A speed-dating science competition

Pennsylvania State University students participate in a contest to condense years of research into a two minute pitch.  The competition helps students hone communication skills and is even dubbed as “Science Speed Dating.”

TRANSCRIPT

In this next segment, Pennsylvania State University students participate in a contest to condense years of research into a 2-minute pitch.

The competition helps students hone communication skills.

Take a look at the event dubbed Science Speed Dating.

The Millennium Science Complex at Penn State is home to some mind-blowing science, but if you don't live it and breathe it every day, trying to understand some of the work that happens here can leave you with a headache.

That's why these Penn State grad students are attempting to turn years' worth of research into a 2-minute pitch for the Millennium Café Pitch Competition.

It's a big draw, 36 contestants eyeing a $750 first-place prize, but to get the cash, they'll need to convince the judges by coming up with a clear message about the importance and impact of their research, something that doesn't come naturally.

On the fight against the evil society, greenhouse gases, got to stay tuned to find out.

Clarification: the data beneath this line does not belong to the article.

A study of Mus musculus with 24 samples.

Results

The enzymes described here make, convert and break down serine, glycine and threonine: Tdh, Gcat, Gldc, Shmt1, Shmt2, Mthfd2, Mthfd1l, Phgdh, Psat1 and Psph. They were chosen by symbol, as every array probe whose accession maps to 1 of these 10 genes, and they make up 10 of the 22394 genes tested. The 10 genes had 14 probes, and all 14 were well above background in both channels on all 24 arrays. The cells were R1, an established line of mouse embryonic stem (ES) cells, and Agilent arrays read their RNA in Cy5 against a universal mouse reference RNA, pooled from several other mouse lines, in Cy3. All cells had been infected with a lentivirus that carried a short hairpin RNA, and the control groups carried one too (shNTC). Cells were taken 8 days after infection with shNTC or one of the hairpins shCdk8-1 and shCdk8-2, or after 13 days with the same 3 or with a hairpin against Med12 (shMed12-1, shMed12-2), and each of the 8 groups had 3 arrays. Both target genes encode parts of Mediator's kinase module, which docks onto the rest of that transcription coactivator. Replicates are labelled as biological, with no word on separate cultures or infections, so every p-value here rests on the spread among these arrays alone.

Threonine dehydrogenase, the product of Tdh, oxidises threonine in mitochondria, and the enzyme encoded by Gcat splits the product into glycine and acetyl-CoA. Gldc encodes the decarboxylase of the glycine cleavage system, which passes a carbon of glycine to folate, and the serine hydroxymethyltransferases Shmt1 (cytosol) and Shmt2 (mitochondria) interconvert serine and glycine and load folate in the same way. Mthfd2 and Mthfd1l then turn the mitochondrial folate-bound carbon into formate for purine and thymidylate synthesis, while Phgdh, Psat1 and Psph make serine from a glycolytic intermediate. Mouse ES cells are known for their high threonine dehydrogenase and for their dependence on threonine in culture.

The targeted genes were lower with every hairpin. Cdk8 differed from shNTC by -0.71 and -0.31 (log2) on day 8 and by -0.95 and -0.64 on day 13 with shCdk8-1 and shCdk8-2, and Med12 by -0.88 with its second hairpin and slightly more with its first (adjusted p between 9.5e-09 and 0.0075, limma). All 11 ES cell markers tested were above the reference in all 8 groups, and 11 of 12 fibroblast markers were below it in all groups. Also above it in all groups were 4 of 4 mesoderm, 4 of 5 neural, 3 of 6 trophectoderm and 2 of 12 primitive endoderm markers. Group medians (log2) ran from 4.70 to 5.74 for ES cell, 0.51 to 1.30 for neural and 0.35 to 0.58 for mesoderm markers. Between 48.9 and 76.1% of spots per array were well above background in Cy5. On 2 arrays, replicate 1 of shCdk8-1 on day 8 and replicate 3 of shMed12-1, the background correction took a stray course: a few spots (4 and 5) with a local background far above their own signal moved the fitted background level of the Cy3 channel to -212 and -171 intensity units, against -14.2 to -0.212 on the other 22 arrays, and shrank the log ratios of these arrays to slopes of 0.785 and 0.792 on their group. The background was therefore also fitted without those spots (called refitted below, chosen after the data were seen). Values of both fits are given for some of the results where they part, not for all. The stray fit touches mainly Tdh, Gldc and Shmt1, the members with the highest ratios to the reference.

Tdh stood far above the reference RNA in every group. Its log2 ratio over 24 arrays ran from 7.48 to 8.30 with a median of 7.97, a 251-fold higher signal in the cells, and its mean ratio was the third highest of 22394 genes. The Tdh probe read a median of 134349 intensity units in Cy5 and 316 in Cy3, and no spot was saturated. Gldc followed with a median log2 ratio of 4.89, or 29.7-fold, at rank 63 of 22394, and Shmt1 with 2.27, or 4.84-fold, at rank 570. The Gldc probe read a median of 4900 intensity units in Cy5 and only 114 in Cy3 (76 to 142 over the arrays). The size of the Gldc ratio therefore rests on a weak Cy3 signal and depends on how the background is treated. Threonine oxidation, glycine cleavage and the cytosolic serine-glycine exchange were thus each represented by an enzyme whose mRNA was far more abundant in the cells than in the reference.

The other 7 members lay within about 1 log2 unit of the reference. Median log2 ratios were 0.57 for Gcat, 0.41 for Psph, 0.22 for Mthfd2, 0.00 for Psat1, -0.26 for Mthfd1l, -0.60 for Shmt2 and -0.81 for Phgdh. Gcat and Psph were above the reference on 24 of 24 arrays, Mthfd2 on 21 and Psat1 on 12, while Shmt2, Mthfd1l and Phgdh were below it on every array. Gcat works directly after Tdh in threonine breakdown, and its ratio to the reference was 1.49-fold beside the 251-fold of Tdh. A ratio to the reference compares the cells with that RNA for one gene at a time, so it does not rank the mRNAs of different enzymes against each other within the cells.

In the sciences, you work from the smallest detail down to the biggest picture.

That's typically how you structure your scientific message, but in this type of pitch competition, it's just the opposite.

You start with the biggest picture, and then you kind of go into the nitty-gritty details.

The high-pressure speed-dating setup doesn't help either.

Three, two, one.

Start.

Take a quick look around.

You'll notice different styles, from the casual coffee chat to superheroes.

It may seem like fun and games, but a contest like this is all about molding the next generation of scientists and leaders.

It's a great opportunity for students to develop skill sets in communications.

Really, aside from technical prowess, technical background, we find communication skills are critically important.

You'll see some people that really rise to the top that have this natural talent that maybe was even unknownst to them.

Number one...

After the first round, scores are tallied, and the top five are announced.

Top five.

[ Applause ]

Nerves are high.

Please wait a second.

But this is the finals.

I'm a little bit nervous.

Okay.

The pitches are finely tuned.

If you could have an invisibility cloak, what would you use it for?

And the best grab your attention from the very beginning.

It's estimated that over 600,000 people will die from cancer this year.

To fight this, I am creating personalized surgical tools to customize cancer treatment for each individual.

A clear message with a real-world impact front and center.

For that, Brad Hanks walked away with the top prize.

But like his pitch, he's focused on the big picture.

I have to contribute some, at least, to my wife.

She helped me practice a ton, and I have two little boys at home, so I'm sure some of it will go towards diapers and whatever else they need.